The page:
St. Rose of Lima principal, teachers
By KATIE LEFEBVRE, Globe staff reporter
DENISON – One principal and two teachers from St. Rose of Lima School have been chosen to attend a workshop to further their knowledge on building connections with Latino families.
“I am hoping this will help us understand how to better connect with Latino families, help us better understand the challenges they face and how to help them get the best education for their children,” said Patty Lansink, principal at St. Rose of Lima School in Denison.
Lansink along with Trisha Boettger, first grade teacher and Angie Stangl, third grade teacher, will attend a workshop this summer at Notre Dame. They will receive training on strategies for building connections with Latino families, and recruiting Latino families into Catholic schools.
“In the diocesan long range plan, we have identified enrollment management initiatives for a variety of populations. One group was working with our Latino or Hispanic populations,” said Dr. Dan Ryan, Ed.D., superintendent of Catholic schools.
Ryan noted he is familiar with Notre Dame ACE and their initiative to help k-12 education. They have done a lot of work involving Latino populations.
“I saw the Catholic Extension had a grant opportunity where they would support one school sending three staff members to a four-day training at Notre Dame ACE and the Latino enrollment initiative,” said Ryan.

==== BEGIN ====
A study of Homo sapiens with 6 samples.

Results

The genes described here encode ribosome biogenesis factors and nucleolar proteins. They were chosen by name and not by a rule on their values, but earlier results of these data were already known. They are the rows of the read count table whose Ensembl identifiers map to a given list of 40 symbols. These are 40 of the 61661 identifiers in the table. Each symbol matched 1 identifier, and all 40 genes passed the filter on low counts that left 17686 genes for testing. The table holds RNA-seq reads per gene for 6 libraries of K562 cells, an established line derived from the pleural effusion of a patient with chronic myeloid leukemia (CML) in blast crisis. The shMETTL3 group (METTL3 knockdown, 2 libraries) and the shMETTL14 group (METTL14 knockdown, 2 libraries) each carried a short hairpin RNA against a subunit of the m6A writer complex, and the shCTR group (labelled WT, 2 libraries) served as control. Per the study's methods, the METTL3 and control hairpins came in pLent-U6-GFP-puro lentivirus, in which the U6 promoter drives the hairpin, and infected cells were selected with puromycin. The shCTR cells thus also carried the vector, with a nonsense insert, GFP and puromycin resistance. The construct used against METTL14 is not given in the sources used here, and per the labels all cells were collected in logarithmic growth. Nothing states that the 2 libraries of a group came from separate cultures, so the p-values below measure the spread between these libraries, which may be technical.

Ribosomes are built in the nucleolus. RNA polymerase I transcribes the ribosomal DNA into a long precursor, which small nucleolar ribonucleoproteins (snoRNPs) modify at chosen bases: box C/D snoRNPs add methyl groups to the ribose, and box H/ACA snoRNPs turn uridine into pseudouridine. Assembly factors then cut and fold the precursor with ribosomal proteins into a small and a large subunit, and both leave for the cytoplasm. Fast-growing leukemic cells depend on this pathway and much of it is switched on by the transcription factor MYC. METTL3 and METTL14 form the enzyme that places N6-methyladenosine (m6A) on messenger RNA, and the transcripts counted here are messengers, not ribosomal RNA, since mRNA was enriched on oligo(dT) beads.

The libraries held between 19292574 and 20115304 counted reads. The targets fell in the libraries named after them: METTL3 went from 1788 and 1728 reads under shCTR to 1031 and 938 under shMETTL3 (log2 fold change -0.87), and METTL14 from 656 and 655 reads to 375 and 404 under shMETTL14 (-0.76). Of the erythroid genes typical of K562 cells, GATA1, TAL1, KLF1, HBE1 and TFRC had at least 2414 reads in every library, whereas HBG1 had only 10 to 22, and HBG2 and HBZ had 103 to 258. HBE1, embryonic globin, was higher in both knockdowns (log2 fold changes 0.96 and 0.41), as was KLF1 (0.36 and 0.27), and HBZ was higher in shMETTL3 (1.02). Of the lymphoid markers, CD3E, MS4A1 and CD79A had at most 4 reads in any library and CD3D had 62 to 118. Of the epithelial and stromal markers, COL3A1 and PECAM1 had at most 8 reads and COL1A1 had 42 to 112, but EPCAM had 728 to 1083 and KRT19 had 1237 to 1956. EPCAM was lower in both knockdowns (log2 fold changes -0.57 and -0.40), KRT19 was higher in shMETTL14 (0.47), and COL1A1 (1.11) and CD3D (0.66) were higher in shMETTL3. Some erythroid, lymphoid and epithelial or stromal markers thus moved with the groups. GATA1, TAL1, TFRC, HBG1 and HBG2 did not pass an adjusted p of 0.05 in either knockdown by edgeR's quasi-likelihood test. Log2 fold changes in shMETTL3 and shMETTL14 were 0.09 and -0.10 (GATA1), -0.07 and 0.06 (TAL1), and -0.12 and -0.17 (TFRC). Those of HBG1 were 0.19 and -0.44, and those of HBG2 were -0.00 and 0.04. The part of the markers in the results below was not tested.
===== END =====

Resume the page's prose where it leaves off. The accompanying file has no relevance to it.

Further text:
“Dr. Dan Ryan approached me about applying,” said Lansink. “He asked for some input from me and submitted the application. Our current percentage of Latino families at St. Rose is 57 percent, so this is a wonderful opportunity to help us better serve this population in our school and parish. ”
There were four or five main questions, which Ryan and Lansink collaborated to answer.
St. Rose of Lima received the grant funded by Catholic Extension to attend the four-day conference. The grant is valued at approximately $6,000 for conference fees, materials and transportation and lodging costs. The diocese will cover the registration fees.
“This will give them an opportunity to learn from some experts in the field on what to do,” said Ryan. “Denison has shown some promising work in their enrollment. They have increased their population by 30 students and they had 50, so they are up to 80. It is a big percentage of increase.”
Ryan thinks the school is “in a strong enough place where they could take some of those things and move forward with them, but also network with other schools who are taking on similar challenges.”
The hope is for Lansink and her teachers to come back, implement what they learned at St. Rose and then possibly lead trainings in the Diocese of Sioux City about a year down the line, said Ryan.
“We have already started some of this work. Patty led a breakout session at the Diocesan Ministries Conference on Hispanic enrollment and their experience and recommendations,” he said. “She also did a similar presentation for the administrators. We are trying to spread some basic, foundational information for our administrators.”
Ryan said the overall goal is “to reach our mission – help students learn their faith so they can get to heaven and have a great education – with a newer population to many of our communities. We need to increase our knowledge.”
Lansink will go back to Notre Dame for a follow up to show the school is implementing what she, Boettger and Stangl learned at the conference.